Understanding the ecological impacts of Pied Crows

Pied Crow Corvus albus numbers are increasing in many parts of South Africa. Recent work at the Fitz suggests that the increase in Pied Crow numbers is a result of global warming and other anthropogenic factors including the availability of nest sites on electrical infrastructure and increased food availability in urban areas and from road kill. In combination, these factors have seen the Pied Crow increase its abundance in some regions and expand its range locally. Our project investigates the expansion of this species, now termed a ‘native invader’ species, and tries to understand what impacts these changes might have for other biodiversity.

As a generalist predator, Pied Crows may impose heavy predation pressure on a variety of prey species. Anecdotal evidence suggests that Pied Crows present a risk to threatened species, such as endangered breeding waders and range- restricted tortoises. Recently, researchers and conservation organisations have begun drawing attention to the knowledge gap with regards to the ecological impacts of Pied Crows, emphasizing the need for more studies. Indeed, there is little information about the basic life history of Pied Crows, which is an essential component for understanding the potential impacts of a predator. We aim to contribute to filling these knowledge gaps. Previous research has focused on quantifying predation on tortoises and avian nest predation. Our current research builds on other research conducted at the Fitz, which suggested that crows may benefit from the road kills. We are exploring whether nesting densities or breeding demography differ depending on proximity to roads of different types (tar or gravel) and their associated road kills. Other research aims to improve our basic ecological understanding of the species.

Our research is currently focussed in the Hantam Karoo (Succulent Karoo). Within our study area we have crows nesting adjacent to tar roads and to gravel roads and we are examining the numbers of road kills found on these different roads, as well as monitoring the breeding crows that nest nearby. Additionally, we are seeking to understand the species’ home ranges and ranging behaviours both inside and outside of breeding seasons by using GPS tracking devices.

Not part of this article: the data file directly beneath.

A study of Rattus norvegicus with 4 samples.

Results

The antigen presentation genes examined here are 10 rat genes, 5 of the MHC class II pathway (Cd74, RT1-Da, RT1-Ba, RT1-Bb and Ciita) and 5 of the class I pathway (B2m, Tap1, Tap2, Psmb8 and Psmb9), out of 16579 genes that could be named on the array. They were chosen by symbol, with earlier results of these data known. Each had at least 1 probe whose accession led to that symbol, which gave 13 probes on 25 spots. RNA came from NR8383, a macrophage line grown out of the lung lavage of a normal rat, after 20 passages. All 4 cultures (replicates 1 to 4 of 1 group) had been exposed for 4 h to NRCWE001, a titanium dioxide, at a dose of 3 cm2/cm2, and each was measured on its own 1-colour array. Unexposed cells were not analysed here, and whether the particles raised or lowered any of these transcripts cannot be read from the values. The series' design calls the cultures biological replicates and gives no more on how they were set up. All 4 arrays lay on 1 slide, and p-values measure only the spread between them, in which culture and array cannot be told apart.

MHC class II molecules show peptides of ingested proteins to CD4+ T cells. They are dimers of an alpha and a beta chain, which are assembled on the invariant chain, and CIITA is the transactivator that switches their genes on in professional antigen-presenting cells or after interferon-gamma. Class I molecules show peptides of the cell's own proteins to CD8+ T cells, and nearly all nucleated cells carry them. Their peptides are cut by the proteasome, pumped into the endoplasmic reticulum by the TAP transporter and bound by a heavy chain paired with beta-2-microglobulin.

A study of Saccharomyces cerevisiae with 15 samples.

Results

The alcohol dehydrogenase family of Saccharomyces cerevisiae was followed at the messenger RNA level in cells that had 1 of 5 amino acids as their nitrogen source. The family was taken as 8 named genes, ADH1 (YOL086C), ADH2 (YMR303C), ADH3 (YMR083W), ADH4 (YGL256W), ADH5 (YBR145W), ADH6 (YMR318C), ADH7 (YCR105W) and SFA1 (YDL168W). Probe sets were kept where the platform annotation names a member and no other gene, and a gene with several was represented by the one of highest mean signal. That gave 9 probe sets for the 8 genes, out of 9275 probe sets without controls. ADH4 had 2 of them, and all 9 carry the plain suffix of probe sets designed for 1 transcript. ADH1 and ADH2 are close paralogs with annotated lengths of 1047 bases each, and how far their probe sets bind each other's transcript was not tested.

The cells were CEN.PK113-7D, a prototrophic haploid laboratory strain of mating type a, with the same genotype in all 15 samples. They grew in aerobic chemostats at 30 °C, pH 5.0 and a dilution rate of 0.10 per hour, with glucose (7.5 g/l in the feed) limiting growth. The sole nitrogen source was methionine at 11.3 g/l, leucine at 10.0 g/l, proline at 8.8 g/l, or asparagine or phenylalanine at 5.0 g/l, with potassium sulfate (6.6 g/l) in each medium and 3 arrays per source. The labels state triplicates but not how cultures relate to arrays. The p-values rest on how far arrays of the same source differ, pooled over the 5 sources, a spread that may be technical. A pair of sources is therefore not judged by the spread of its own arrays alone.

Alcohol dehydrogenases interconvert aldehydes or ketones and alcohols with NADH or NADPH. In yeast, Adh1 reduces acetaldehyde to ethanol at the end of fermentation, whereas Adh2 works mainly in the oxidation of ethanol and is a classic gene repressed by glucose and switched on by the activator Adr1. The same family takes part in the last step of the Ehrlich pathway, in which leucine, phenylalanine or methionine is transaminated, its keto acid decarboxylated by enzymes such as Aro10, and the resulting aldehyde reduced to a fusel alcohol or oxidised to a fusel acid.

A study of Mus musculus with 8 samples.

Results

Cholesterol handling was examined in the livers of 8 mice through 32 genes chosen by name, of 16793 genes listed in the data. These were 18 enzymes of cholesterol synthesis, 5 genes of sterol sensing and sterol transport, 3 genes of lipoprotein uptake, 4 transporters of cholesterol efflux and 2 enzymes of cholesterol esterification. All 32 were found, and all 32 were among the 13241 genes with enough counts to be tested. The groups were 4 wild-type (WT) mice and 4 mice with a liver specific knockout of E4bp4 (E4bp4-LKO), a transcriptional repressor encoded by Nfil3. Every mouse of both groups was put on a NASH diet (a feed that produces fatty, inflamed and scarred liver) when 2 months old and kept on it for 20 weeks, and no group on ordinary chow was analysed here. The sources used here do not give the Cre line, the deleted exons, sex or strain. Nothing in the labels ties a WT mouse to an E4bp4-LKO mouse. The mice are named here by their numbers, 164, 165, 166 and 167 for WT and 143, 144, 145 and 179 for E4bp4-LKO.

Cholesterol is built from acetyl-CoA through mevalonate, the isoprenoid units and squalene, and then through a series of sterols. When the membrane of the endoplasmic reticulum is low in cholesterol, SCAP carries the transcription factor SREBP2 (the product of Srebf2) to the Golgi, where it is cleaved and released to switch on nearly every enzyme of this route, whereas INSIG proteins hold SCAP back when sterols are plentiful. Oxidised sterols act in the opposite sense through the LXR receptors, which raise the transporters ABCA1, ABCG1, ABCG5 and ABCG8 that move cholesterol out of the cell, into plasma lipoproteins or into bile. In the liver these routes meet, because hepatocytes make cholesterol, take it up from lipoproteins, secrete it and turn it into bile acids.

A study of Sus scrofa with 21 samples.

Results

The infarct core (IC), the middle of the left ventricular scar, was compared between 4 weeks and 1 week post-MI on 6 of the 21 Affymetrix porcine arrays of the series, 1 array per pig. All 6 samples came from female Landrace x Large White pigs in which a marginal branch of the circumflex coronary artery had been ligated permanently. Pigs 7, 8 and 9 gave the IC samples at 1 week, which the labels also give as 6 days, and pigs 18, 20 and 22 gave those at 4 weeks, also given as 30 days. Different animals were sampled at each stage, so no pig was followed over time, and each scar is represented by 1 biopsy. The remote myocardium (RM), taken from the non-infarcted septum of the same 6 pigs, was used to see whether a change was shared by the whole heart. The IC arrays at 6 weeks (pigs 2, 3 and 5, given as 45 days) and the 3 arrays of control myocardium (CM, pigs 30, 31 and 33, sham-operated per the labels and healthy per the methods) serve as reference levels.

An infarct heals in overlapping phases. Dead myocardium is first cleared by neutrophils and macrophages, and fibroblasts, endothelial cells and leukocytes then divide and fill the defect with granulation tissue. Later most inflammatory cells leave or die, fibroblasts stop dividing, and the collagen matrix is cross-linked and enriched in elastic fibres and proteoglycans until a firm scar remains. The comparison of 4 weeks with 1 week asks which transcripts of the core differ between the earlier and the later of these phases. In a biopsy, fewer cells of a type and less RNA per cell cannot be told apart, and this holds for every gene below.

Activities in 2017

  • Rona van der Merwe started her MSc dissertation on Pied Crow ecology in the Karoo.
  • Rona monitored 14 nests (six on gravel roads, eight on tar roads), and documented road kills from over 2 000 km of road transects.
  • Two active nests had 41 tortoise carapaces on the ground below the nests. Rona set up a camera trap at one of these nests, which revealed that Pied Crows do not take tortoises to the nest, but rather prepare them nearby and take the meat to the nestlings. This is important because it means that checking of the areas around nests for tortoise remains might significantly under-estimate the numbers of small tortoises killed by Pied Crows.


  • Carles Durà completed his CB MSc project entitled “Understanding predation of tortoises by nesting Pied Crows (Corvus albus) in western South Africa”. The thesis is currently being prepared for publication.
  • Rona successfully captured one Pied Crow and fitted a GPS tracker to the bird – this is the first Pied Crow to ever be tracked.
  • A 2015 review paper on the impact of corvids on other bird species by CB MSc student Chrissie Madden and Arjun Amar was the most highly cited paper from the journal Ibis in 2017.
  • Research associates Grant Joseph and Colleen Seymour had an article published in early 2017 on the influence of road kill in explaining Pied Crow population increases (Joseph et al. 2017. Biological Conservation).

Impact of the project

This research aims to build our understanding of whether the increase in Pied Crows in certain regions of South Africa represents a conservation problem, and if so, what management actions might be most effective to deal with these concerns.

Key co-sponsors

DST-NRF CoE grant, Francois van der Merwe.

Research team

Dr Arjun Amar (FIAO, UCT)
Dr Susie Cunningham (FIAO, UCT)
Dr Robert Thomson (FIAO, UCT)
Dr Thomas Flower (FIAO, UCT and Simon Fraser University)
Dr Grant Joseph (FIAO, UCT and University of Venda)
Dr Colleen Seymour (FIAO, UCT and SANBI)

Students:  Rona van der Merwe (MSc, UCT); Carles Durà (CB MSc, UCT).